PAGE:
13 Now when they saw the boldness of Peter and John, and perceived that they were uneducated, common men, they were astonished. And they recognized that they had been with Jesus. Acts 4:13
Through the Bible: Acts 4-6
Other than any season for my beloved Atlanta Braves, the 2004 Boston Red Sox are my favorite team ever. This was the year they won the World Series, breaking the 86 year “curse of the Bambino.” This was the year they came back from 0-3 against the hated New York Yankees (which included a humiliating 19-8 loss in Game Three).
And this was the year center fielder Johnny Damon gave his team the nickname, “The Idiots.” He explained the nickname in an interview. In the interview, he was being asked about how his team was responding to the longest drought between World Series championships in baseball history, to their collapse against the Yankees the year before, and to the pressure of delivering a championship to a baseball-crazy fanbase that was starved for one:
“We were our own team. We had our own identity. Well, shoot, we weren’t even around. Why do we feel this pressure? That’s why I was like, ‘We’re a bunch of idiots, we don’t care about any of the stuff that’s happened before.’ We knew then that our job was to go out and win right now. 
Without even realizing it, Johnny Damon was describing the call of every disciple of Jesus. Paul said that we are new creatures in Christ (2 Cor. 5:17) who are “forgetting what lies behind and straining toward what is ahead… pressing on toward the goal for the prize of the upward call of God in Christ Jesus (Phiippians 3:14-15).
As for the “Idiots” part? Look at Acts 4. Peter and John had been arrested for boldly proclaiming the name of Jesus. They were brought before the Jewish council, who demanded to know by what authority they were saying and doing what they were doing. Peter gave them one of the clearest expressions of the need for Jesus in the entire New Testament: “Salvation is found in no. one else, for there is no other name under heaven given to men by which we must be saved.” (Acts 4:12).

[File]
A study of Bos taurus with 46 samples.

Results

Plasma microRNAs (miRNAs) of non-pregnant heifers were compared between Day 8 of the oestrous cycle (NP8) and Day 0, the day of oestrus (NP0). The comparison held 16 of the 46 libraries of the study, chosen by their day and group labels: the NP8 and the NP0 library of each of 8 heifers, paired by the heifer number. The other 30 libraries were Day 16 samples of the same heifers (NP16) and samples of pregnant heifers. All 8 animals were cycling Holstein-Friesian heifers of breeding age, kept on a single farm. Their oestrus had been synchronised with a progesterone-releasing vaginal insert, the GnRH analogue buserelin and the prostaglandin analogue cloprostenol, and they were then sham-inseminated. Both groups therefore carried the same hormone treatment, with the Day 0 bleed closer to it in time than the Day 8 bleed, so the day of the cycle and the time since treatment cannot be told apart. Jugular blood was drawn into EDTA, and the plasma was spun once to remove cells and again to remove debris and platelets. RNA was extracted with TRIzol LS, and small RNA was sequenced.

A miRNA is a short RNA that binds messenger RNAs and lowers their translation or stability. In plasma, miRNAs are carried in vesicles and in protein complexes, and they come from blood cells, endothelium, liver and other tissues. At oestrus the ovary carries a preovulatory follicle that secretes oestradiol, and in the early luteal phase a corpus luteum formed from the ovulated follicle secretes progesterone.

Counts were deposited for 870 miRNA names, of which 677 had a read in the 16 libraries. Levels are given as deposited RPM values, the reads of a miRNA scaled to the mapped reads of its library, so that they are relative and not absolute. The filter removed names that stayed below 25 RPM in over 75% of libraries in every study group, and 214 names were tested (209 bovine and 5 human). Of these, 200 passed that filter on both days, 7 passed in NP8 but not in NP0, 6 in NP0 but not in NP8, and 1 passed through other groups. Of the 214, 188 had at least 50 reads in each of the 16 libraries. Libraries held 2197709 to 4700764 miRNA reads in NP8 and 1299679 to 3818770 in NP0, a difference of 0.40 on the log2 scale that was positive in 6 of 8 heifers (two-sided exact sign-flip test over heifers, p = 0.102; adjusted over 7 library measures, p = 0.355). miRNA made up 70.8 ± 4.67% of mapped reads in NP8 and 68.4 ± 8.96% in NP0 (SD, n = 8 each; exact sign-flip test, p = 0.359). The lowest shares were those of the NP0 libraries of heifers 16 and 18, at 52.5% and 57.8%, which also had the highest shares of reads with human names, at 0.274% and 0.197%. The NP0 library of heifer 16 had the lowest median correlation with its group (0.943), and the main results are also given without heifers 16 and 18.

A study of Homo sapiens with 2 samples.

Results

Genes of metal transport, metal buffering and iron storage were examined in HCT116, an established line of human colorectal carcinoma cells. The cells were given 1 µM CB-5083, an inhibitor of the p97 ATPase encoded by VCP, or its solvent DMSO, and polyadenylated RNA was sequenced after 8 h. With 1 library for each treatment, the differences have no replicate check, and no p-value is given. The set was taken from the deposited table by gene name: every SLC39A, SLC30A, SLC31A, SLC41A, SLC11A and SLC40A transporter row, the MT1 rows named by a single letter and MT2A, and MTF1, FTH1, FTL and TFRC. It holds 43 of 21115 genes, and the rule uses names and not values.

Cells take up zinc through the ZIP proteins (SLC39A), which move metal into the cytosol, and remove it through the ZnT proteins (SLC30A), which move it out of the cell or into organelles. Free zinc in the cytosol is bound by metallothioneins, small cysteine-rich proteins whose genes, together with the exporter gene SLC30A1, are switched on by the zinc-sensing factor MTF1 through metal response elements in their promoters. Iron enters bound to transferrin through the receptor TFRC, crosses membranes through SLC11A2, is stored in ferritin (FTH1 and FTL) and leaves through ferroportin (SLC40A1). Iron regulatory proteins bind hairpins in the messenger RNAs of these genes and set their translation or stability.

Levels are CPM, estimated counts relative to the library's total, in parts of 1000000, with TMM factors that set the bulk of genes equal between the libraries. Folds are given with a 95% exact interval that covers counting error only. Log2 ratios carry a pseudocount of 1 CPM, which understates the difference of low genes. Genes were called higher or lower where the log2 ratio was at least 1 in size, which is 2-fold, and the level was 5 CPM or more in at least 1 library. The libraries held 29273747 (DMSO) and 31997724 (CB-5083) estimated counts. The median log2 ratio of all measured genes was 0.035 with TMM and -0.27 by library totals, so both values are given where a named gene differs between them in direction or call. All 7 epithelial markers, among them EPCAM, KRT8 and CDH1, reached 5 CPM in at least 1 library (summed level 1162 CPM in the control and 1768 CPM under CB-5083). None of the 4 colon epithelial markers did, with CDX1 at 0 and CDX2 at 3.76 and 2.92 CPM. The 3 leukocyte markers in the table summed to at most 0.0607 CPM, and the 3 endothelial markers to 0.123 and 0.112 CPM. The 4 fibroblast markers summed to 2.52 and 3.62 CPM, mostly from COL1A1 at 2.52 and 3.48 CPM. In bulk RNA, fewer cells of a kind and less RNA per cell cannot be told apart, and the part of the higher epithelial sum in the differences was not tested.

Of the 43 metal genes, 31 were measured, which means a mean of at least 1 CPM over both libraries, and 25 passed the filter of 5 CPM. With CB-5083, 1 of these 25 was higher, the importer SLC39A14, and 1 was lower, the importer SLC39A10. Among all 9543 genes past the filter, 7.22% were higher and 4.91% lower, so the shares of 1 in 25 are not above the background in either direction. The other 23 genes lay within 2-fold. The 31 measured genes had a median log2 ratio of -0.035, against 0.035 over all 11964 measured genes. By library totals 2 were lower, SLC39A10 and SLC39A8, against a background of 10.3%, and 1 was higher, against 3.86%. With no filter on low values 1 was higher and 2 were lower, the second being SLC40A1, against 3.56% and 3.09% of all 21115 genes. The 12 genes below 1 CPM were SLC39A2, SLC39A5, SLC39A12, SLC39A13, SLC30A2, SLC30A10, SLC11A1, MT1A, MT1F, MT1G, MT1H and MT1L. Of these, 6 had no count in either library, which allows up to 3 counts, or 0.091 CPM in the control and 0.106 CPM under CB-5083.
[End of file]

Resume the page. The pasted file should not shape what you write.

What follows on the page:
Verse 13 says that the members of the council saw the courage of Peter and John. They knew that they were “uneducated, common” men, and so they took note that they had been with Jesus.
In the Greek, the phrase “uneducated, common” is agrammatoi idiotai. Agrammatoi: without grammar, illiterate. Idiotai: Common. Ordinary. It’s where we get the word idiot.
When they saw the courage of Peter and John, and realized that they were a couple of illiterate idiots, they took note that they had been with Jesus.
Lord, I would call it a blessing if the only thing anyone took note of about me was that I had been with Jesus! That I could be an illiterate idiot, who nevertheless would stop worrying about my past or the pressure to impress, or any of the stuff that has happened before, and just get out there and win someone to Jesus.
Help me just to be an idiot today.
 “Genius Moniker: Origin of ’04 Sox ‘Idiots’” https://www.mlb.com/news/2004-red-sox-idiots-nickname-explained, Accessed 18 Nov. 2021.